LITCHFIELD, Maine (AP) - Snow was falling Thursday morning in places still hustling to get power back on after a weekend ice storm that turned out the lights from Michigan to Maine and into Canada.
Southeast and parts of interior Maine that have been without electricity since Sunday were anticipating from 3 to 7 inches of snow by the time the latest system pushes off the coast Thursday night. Utilities worried that the additional weight on branches and transmission lines could cause setbacks in the around-the-clock efforts to restore power.
"We don't think it's going to help us much, that's for sure," said Susan Faloon, a spokeswoman for Bangor Hydro Electric in Maine. "There was some concern expressed over the last couple of days about that storm coming because obviously we still have lot of stuff weighing down trees and lines.
Weighted down with ice, trees slump along state Route 9N in Jay on Tuesday, Christmas Eve. Sunday’s ice storm still lingers in some places, like Jay, while in the Tri-Lakes area it got warm enough Sunday evening to melt the ice on trees.
(Photo — Martha Allen)
"The system is pretty compromised out there," she said. "We expect we will have more outages."
In Michigan, where about half a million people lost power at the peak of the weekend storm, an inch or so of snow was expected. Utilities there reported 105,000 customers without power Thursday morning, while those in Maine reported more than 36,000. There were more than 101,000 without power in three Canadian provinces - Quebec, Ontario and New Brunswick - including 54,000 in the city of Toronto.
Bangor Hydro Electric is advising people it will be the end of the day Friday before its more than 11,000 customers are back on line. The number has fluctuated as some people get power back while others lose it.
Central Maine Power, with more than 24,000 customers still without power early Thursday, hoped to get electricity back for most by the end of the day but acknowledged that some will still be without electricity on Friday. More than 100,000 were without power at the storm's peak.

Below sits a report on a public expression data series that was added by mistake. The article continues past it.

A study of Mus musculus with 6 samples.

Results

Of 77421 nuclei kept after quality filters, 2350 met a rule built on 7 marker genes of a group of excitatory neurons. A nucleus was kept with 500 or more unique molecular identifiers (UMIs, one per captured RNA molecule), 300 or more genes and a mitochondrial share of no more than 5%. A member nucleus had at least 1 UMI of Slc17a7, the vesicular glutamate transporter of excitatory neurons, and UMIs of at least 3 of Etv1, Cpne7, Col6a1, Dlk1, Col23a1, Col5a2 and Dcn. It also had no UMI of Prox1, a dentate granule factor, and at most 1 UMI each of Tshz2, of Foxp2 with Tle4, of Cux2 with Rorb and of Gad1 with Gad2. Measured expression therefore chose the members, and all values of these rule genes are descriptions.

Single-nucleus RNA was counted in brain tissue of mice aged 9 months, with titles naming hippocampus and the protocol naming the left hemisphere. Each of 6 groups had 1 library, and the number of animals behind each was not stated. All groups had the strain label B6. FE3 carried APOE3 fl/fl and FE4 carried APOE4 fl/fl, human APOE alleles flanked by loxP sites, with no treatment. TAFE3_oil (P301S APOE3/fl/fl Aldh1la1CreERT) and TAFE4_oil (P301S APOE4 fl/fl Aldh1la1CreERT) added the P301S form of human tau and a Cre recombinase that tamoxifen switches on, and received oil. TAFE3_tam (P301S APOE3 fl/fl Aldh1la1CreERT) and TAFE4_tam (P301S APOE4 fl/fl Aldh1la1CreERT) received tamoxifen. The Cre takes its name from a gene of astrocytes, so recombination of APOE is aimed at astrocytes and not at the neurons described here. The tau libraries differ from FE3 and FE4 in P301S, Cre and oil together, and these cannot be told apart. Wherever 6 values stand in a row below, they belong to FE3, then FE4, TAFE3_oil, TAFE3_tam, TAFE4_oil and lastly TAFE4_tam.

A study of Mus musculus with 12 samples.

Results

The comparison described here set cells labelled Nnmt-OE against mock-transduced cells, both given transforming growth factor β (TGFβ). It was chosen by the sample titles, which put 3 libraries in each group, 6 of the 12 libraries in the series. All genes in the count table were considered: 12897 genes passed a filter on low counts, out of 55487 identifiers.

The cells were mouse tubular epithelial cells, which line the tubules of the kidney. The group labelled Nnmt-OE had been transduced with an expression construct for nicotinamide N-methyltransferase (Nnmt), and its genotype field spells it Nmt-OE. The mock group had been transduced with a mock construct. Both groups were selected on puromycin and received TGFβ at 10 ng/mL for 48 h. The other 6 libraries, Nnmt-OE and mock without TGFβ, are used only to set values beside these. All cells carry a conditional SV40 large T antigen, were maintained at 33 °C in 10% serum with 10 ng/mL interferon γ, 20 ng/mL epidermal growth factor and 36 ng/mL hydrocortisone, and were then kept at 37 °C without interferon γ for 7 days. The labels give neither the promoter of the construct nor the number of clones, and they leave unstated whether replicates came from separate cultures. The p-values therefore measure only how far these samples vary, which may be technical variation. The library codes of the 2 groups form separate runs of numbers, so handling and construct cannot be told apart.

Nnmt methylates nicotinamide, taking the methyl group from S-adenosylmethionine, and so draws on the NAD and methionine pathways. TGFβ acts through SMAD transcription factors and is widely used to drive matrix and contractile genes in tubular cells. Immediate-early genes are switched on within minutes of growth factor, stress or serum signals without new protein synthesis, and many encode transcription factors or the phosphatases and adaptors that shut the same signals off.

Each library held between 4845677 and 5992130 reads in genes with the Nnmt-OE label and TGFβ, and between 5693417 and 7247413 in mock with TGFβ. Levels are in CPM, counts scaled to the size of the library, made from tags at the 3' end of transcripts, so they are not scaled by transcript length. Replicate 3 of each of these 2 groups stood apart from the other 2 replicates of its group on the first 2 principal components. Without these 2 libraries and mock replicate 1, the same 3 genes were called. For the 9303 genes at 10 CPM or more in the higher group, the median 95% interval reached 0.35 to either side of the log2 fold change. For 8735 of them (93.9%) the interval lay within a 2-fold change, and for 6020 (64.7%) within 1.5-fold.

In the snow country of New York's Tug Hill Plateau, east of Lake Ontario, 11 to 17 inches of wind-whipped lake effect snow was expected to fall by the end of the day Friday. The ice storm knocked out electricity for about 50,000 customers in northern New York; all but a handful had power back by Thursday.
Ashley Walter, 27, was hunkered down Wednesday with her husband, Jacob, and their month-old daughter, Leah, at a shelter set up in a school in Litchfield, Maine. The family lost power Saturday, got it back temporarily, then lost it again Sunday.
Despite the challenge of being out of the house, especially at Christmas, the family was staying positive.
"It's definitely kind of strange but we're hanging in there," Ashley Walter said Wednesday. "We did our Christmas together last night. I packed little stockings and gave them to my husband, sisters and my daughter."
In Michigan, CMS Energy Corp. said some of its nearly 90,000 customers still offline may have to wait until Saturday to get power back.
With no electricity at their home, Jill Ghantous and her family from Swartz Creek, Mich., opened their Christmas presents at a hotel in Genesee County's Grand Blanc Township, southeast of Flint.
The family members took the Christmas stockings from their home and hung them from a dresser in the hotel room. They also bought a small tree for the room, said Ghantous, whose children are 10 and 6.
"I guess we can kind of pull Christmas out of nothing," Ghantous told MLive.com. "You just get resourceful and try to make it the best you can."
Authorities blame the storm for 27 deaths; 17 in the U.S. and 10 in Canada, including five who apparently died from carbon monoxide poisoning.
Associated Press writers David Goodman in Detroit and Rik Stevens in Concord, N.H., contributed to this report.